On September 17th, the city of Santa Barbara and city police officers agreed to a three-year contract, one month after negotiations were reportedly at a standstill over proposed reforms to pension contributions.
The city police union, which ratified the contract on September 10th, agreed to make the statutorily required 9% contribution to CalPERS, which manages their pensions. Until 2010, Santa Barbara taxpayers footed the bill for not only the city (“employer”) contribution to CalPERS but also “picked-up” the full “member” contribution on behalf of police officers. In 2010, the police union agreed to pay 2.266% of the 9% contribution in exchange for pay boosts.
With the expiration of the 2010-2013 contract, the city and the police union found themselves at a stalemate over the remaining 6.734% member contribution level. In exchange for making the full 9% contribution, police officers will receive: a 5% salary increase over the next three years, higher city-paid contributions to health insurance, and other benefit increases. Taken together, the city projects higher labor costs through 2015 of $190,000 in FY 2014 and $122,000 in FY 2015. The increased costs are estimated to then “level off thereafter to approximately no net increase to ongoing costs.”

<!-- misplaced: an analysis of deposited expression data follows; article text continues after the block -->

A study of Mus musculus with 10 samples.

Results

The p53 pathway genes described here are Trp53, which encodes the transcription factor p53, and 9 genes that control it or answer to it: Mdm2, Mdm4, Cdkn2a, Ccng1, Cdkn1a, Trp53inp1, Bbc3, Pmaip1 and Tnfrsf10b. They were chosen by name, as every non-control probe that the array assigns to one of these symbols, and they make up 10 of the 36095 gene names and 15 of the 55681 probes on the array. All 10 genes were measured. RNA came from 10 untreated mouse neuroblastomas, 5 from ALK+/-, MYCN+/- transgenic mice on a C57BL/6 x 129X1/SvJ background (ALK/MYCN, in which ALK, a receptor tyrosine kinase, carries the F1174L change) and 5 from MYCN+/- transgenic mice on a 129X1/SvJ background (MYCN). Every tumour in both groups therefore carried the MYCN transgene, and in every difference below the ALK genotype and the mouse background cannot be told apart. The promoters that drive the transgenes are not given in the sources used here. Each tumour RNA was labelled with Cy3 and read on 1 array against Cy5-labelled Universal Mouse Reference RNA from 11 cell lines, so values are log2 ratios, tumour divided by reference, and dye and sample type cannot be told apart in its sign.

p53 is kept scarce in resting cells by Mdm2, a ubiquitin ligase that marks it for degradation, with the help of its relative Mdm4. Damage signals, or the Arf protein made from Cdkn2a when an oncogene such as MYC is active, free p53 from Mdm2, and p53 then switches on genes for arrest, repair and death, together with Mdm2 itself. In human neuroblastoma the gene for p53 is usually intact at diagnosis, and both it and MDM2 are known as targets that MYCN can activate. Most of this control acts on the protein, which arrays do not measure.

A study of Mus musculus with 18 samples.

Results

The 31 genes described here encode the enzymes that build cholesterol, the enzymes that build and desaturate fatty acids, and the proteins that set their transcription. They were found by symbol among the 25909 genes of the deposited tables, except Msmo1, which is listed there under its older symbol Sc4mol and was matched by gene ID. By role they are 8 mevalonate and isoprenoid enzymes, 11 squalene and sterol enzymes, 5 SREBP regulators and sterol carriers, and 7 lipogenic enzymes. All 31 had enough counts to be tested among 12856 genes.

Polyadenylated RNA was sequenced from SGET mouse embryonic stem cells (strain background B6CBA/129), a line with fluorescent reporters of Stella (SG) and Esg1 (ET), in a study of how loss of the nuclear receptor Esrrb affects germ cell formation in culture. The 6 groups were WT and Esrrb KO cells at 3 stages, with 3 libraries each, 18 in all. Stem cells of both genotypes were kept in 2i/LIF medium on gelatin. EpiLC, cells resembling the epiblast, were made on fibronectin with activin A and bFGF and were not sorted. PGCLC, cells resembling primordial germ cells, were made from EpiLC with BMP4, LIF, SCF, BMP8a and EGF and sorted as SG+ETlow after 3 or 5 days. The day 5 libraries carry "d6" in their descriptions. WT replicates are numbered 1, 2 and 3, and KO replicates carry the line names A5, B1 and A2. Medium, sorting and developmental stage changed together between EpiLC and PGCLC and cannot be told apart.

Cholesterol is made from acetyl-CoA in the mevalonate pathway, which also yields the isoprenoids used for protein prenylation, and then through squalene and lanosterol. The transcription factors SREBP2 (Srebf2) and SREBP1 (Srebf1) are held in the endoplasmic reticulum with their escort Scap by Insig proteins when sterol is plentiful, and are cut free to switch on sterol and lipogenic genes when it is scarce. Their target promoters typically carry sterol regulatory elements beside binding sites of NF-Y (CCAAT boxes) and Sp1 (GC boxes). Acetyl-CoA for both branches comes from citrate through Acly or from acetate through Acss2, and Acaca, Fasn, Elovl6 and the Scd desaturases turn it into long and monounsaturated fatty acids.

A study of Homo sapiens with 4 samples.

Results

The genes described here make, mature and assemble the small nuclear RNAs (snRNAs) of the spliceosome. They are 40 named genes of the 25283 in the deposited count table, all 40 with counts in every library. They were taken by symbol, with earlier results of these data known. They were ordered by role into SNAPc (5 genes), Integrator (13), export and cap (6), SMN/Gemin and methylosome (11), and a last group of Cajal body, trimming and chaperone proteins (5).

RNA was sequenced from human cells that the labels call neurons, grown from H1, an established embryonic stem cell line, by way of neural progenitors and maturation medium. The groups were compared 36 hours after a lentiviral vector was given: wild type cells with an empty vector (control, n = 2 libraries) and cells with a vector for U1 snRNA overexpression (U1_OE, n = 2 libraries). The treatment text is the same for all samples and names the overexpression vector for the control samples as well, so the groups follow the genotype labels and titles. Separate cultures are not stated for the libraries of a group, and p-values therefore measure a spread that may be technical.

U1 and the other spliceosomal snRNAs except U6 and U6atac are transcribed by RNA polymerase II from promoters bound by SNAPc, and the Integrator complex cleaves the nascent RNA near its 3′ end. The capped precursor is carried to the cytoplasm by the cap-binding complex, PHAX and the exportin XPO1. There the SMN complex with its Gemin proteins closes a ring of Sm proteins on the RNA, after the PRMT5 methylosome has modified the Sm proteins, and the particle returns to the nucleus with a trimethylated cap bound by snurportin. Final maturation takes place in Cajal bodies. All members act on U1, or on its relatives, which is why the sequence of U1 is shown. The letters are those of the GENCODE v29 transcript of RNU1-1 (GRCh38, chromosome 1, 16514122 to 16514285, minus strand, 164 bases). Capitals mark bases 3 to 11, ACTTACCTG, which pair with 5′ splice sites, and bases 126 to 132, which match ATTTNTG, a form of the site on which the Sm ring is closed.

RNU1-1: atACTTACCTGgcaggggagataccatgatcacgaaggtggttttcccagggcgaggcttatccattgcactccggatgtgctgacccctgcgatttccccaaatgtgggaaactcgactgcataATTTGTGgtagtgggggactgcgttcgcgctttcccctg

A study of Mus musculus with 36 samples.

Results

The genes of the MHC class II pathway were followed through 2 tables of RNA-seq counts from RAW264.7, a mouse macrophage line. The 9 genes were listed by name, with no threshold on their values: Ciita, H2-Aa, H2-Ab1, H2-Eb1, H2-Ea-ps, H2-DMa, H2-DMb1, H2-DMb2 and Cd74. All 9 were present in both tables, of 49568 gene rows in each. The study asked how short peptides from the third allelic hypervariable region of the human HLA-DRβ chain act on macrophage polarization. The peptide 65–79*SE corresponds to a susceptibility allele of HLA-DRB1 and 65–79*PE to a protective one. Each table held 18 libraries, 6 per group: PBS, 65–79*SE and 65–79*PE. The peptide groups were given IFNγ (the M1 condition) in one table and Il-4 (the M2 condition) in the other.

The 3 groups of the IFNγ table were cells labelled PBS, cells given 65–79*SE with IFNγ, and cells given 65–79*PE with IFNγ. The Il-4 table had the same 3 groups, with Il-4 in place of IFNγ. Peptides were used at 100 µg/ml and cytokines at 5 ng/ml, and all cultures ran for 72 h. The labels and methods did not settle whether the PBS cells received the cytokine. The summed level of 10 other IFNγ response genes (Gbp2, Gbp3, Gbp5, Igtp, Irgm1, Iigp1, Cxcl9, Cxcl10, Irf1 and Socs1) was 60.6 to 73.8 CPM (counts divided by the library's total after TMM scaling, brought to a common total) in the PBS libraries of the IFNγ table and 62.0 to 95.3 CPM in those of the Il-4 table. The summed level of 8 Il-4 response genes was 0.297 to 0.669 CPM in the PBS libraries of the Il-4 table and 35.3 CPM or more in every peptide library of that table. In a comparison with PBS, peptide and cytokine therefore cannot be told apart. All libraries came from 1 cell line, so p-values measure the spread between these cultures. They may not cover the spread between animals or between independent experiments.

In other words, Santa Barbara more or less punted on seriously addressing the systemic problem of police pensions.
Currently, the city of Santa Barbara’s police pension plan is underfunded by $57 million, doubtlessly a consequence of an overly generous pension plan by which officers can retire at age 50 with up to 98% of salary paid to them for life.
At the expense of taxpayers, the city of Santa Barbara has been generous with police pensions. The average pension for police officers who retired between 2010 and 2012 was $93,965, and for police sergeants who retired in the same time period, the payments they will receive for life averaged $107,422.
It wasn’t until 2010 that police officers and sergeants, who respectively earned $99,084 and $130,476 in 2012 in salary and overtime pay, even contributed to their pensions. The city, meaning taxpayers, has long had to foot the bill for an unsustainable and unaffordable system. Instead of paying, perhaps, for services or additional police officers, the city has had to allocate increasing amounts of money to pay for lavish retirements.
That police officers will be making their contributions is welcome news, as it means that taxpayers will no longer be bearing the full burden of pensions. However, that development, tied to other benefit and salary increases, is hardly a serious step towards the more difficult question of the large unfunded liability that the city has amassed. City officials unfortunately chose a strings-attached deal that taxpayers simply can’t afford.